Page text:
Photo of Beth Hanna By Beth Hanna | Thompson on Hollywood June 25, 2013 at 12:36PM

The Beatles' second feature film, 1965's "Help!," has its worldwide digital release exclusively on iTunes today. It's digitally restored with a 5.1 soundtrack, and includes a 30-minute documentary on the production, memories from the cast and crew, the restoration process, an outtake scene and more. The film's director, Richard Lester ("A Hard Day's Night"), gives an intro, plus an appreciation following by Martin Scorsese.
The Beatles in "Help!"

The Beatles' second feature film, 1965's "Help!," has its worldwide digital release exclusively on iTunes today. It's digitally restored with a 5.1 soundtrack, and includes a 30-minute documentary on the production, memories from the cast and crew, the restoration process, an outtake scene and more. The film's director, Richard Lester ("A Hard Day's Night"), gives an intro, plus an appreciation following by Martin Scorsese. Watch the original trailer below.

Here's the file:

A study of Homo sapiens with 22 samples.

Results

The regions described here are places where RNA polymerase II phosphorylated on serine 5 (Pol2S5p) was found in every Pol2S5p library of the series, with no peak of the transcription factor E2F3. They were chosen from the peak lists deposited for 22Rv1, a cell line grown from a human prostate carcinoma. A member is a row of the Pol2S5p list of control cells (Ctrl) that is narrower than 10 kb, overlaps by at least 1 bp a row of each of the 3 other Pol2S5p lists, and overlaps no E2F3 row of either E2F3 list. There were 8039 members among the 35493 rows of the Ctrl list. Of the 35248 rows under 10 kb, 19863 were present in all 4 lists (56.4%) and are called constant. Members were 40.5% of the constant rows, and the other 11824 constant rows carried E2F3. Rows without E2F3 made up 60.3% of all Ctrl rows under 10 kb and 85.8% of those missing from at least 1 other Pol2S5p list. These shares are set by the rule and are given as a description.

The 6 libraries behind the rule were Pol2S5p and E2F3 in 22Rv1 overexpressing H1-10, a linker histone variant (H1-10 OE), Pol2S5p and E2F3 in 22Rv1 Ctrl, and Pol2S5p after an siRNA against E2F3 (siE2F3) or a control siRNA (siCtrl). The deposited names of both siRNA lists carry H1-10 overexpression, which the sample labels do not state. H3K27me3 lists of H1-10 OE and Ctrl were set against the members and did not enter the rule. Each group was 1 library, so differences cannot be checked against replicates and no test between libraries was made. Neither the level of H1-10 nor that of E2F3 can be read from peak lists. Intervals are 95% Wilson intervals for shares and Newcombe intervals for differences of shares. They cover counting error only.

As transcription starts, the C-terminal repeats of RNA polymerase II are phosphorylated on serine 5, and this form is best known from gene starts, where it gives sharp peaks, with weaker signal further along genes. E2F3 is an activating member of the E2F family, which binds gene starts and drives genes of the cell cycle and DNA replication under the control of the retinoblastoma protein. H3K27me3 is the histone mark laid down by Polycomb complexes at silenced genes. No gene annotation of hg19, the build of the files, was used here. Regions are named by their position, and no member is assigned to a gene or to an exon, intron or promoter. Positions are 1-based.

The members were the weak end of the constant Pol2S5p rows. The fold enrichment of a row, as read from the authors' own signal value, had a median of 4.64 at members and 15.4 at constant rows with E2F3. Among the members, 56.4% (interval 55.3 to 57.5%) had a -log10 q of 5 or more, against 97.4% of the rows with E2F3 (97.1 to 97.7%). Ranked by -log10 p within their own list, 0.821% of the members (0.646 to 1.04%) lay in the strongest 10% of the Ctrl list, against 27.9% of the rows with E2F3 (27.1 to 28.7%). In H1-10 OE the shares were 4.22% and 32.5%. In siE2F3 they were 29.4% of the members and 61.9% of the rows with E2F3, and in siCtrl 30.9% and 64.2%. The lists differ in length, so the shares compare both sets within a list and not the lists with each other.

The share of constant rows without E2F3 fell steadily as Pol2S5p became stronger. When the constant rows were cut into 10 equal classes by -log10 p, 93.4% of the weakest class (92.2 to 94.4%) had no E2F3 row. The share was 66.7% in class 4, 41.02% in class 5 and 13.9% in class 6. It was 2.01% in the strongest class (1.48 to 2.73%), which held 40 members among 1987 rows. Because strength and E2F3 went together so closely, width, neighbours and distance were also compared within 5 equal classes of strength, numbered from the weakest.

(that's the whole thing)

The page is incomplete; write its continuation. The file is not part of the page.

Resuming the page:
Classics songs in the film include "You're Going to Lose That Girl," "You've Got to Hide Your Love Away," "Ticket to Ride," "I Need You," "The Night Before," "Another Girl" and -- of course -- "Help!"

The debut of "Help!" on iTunes and Blu-ray follows 2012's "Yellow Submarine" and "Magical Mystery Tour" iTunes and Blu-ray releases.

Here's the madcap synopsis, in case you need a refresher:

Help! follows The Beatles as they become passive recipients of an outside plot that revolves around Ringo's possession of a sacrificial ring, which he cannot remove from his finger. As a result, he and his bandmates John, Paul and George are chased from London to the Austrian Alps and the Bahamas by religious cult members, a mad scientist and the London police.

In addition to starring The Beatles, Help! boasts a witty script, a great cast of British character actors, and classic Beatles songs.


Born and raised in Manhattan, Anne Thompson grew up going to the Thalia and The New Yorker and wound up at grad Cinema Studies at NYU. She worked at United Artists and Film Comment before heading west as that magazine's west coast editor. She wrote for the LA Weekly, Sight and Sound, Empire, The New York Times and Entertainment Weekly before serving as West Coast Editor of Premiere. She wrote for The Washington Post, The London Observer, Wired, More, and Vanity Fair, and did staff stints at The Hollywood Reporter and Variety. She eventually took her blog Thompson on Hollywood to Indiewire. She taught film criticism at USC Critical Studies, and continues to host the fall semester of “Sneak Previews” for UCLA Extension.